When you buy travel outside the U.S., you’re usually charged in local currency. In fact, the best advice is always to turn down ‘dynamic currency conversion’ where the merchant charges you in U.S. dollars. They are likely charging you a fee to convert to dollars, and probably aren’t giving you the best exchange rate either – just let your credit card company do the conversion.
That’s even true if you pay using a card that doesn’t waive foreign purchase fees. Those cards will usually still charge the fee, even if the purchase was made in U.S. dollars, because it was a foreign purchase (not merely done in a foreign currency).
However I always assumed you incurred exchange rate risk on returns. If you book a prepaid hotel in Europe, for instance, and you get a refund later the actual amount of the refund could be more or less than what you originally paid.
- Say the room you booked was 300 euros
- The hotel gets 300 euros, and your bank charges you in dollars
- By the time you cancel exchange rates have changed. The hotel refunds 300 Euros, but the amount you see in dollars will be based on current rates.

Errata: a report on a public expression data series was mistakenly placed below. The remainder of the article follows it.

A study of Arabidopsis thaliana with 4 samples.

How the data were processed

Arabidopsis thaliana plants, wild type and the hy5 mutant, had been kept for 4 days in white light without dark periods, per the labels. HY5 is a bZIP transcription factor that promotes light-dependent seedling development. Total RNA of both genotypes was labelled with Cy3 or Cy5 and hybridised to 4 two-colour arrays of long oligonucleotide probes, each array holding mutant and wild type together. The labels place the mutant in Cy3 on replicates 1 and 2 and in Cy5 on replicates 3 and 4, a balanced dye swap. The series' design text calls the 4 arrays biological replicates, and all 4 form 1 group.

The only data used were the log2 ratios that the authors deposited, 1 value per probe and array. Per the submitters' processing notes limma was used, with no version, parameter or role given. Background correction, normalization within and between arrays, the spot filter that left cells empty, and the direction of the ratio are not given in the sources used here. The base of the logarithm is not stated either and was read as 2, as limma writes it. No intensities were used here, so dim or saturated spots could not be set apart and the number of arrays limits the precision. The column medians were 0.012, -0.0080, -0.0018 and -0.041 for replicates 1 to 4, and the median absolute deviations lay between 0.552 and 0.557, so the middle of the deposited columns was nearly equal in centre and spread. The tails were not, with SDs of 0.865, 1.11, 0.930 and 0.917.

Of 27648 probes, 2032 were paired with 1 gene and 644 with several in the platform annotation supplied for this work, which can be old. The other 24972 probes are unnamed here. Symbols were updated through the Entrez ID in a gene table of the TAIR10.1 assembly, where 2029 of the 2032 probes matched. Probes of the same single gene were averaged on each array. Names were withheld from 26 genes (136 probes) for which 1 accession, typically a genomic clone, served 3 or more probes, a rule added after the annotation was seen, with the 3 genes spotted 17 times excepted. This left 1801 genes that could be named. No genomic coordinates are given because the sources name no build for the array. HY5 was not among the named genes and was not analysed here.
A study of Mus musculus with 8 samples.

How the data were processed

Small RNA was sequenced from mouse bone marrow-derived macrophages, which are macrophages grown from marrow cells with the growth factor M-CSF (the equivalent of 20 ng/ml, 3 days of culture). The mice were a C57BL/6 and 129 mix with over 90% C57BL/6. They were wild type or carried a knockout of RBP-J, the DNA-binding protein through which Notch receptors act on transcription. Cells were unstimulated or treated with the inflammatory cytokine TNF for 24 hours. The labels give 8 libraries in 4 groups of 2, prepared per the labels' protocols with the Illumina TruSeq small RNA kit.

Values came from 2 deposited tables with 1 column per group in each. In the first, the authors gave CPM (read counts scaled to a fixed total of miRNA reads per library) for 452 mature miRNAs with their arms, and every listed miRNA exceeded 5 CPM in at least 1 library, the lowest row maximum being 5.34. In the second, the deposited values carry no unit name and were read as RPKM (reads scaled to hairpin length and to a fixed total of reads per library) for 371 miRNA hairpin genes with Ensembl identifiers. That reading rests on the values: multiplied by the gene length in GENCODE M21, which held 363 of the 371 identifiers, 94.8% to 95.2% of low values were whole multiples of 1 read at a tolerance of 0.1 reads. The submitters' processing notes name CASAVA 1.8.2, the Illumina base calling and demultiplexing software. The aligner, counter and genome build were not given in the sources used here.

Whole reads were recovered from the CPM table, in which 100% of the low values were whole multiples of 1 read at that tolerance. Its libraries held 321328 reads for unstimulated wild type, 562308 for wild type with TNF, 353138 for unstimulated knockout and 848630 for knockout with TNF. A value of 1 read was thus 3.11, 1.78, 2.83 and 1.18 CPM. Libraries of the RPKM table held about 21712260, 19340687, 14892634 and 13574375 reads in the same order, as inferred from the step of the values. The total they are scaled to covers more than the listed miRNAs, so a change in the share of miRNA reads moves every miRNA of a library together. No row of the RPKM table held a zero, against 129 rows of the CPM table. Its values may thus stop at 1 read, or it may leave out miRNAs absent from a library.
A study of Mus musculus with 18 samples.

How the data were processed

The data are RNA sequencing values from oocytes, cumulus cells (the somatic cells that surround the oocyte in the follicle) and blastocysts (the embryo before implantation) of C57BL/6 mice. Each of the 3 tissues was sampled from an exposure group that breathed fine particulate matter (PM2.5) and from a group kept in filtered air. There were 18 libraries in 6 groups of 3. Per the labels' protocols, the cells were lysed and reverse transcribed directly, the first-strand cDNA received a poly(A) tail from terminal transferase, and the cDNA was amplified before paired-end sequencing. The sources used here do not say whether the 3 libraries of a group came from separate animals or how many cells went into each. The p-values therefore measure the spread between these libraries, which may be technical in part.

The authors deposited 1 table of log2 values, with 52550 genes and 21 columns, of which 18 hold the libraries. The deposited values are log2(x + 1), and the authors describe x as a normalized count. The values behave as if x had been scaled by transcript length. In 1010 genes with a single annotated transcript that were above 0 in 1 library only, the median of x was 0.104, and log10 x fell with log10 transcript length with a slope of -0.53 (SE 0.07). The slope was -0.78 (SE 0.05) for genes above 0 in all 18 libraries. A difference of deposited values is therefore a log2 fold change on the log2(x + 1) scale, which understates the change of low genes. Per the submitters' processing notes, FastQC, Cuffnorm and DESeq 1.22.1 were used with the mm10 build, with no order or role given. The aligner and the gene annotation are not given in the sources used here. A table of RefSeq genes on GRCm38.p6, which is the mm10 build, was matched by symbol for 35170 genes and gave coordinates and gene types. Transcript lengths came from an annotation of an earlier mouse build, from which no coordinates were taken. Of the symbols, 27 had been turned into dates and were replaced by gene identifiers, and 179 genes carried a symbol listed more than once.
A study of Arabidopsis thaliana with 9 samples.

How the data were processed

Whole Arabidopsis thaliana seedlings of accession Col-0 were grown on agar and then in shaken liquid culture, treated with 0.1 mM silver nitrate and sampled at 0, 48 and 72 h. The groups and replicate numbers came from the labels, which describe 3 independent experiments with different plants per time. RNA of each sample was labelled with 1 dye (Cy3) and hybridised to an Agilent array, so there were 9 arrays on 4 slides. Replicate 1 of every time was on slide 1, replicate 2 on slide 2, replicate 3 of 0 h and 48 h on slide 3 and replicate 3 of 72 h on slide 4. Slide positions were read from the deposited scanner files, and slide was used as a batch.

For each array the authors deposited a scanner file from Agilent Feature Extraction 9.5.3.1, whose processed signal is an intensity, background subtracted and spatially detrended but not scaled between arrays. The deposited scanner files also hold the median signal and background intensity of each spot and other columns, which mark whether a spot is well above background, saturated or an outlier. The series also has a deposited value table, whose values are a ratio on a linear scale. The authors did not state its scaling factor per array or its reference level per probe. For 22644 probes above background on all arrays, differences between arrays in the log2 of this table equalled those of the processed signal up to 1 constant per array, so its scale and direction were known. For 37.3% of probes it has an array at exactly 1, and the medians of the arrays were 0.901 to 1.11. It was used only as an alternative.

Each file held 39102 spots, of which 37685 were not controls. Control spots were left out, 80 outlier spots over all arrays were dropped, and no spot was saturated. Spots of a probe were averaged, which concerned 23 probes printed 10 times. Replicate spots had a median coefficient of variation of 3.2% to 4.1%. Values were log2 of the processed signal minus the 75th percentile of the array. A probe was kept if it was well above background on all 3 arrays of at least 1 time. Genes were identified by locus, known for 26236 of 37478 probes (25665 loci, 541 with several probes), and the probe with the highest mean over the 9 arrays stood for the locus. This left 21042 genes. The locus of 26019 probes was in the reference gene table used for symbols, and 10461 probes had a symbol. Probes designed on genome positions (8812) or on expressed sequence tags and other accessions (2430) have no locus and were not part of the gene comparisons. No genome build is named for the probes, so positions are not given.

thesilb first taught me something after he made a booking at The Taj in London. When he cancelled he was ‘short’ 10% of what he had originally paid (in dollars) refunded to his card, since British pounds have become worth fewer dollars than when he made the reservation initially.
That’s when things get interesting,
My Virtuoso agent thought this was “all on me”, risk to me, no point in even contacting Chase. Well, front line agent at Chase suggested I “dispute” the difference, I knew this was wrong but decided to speak to them. The disputes guy says “yeah there’s a specific program for this situation, we absorb the cost, so I can refund you your $1,500.
This was news to me. I’ve redeposited award tickets where the taxes and fuel surcharges were substantial, and I’ve lost money when those fees were credited back to me when the dollar strengthened between the time of booking and refund. It never occurred to me to ask my card issuer (usually Chase in that case) to make good on the difference. It seemed interesting enough to pass along.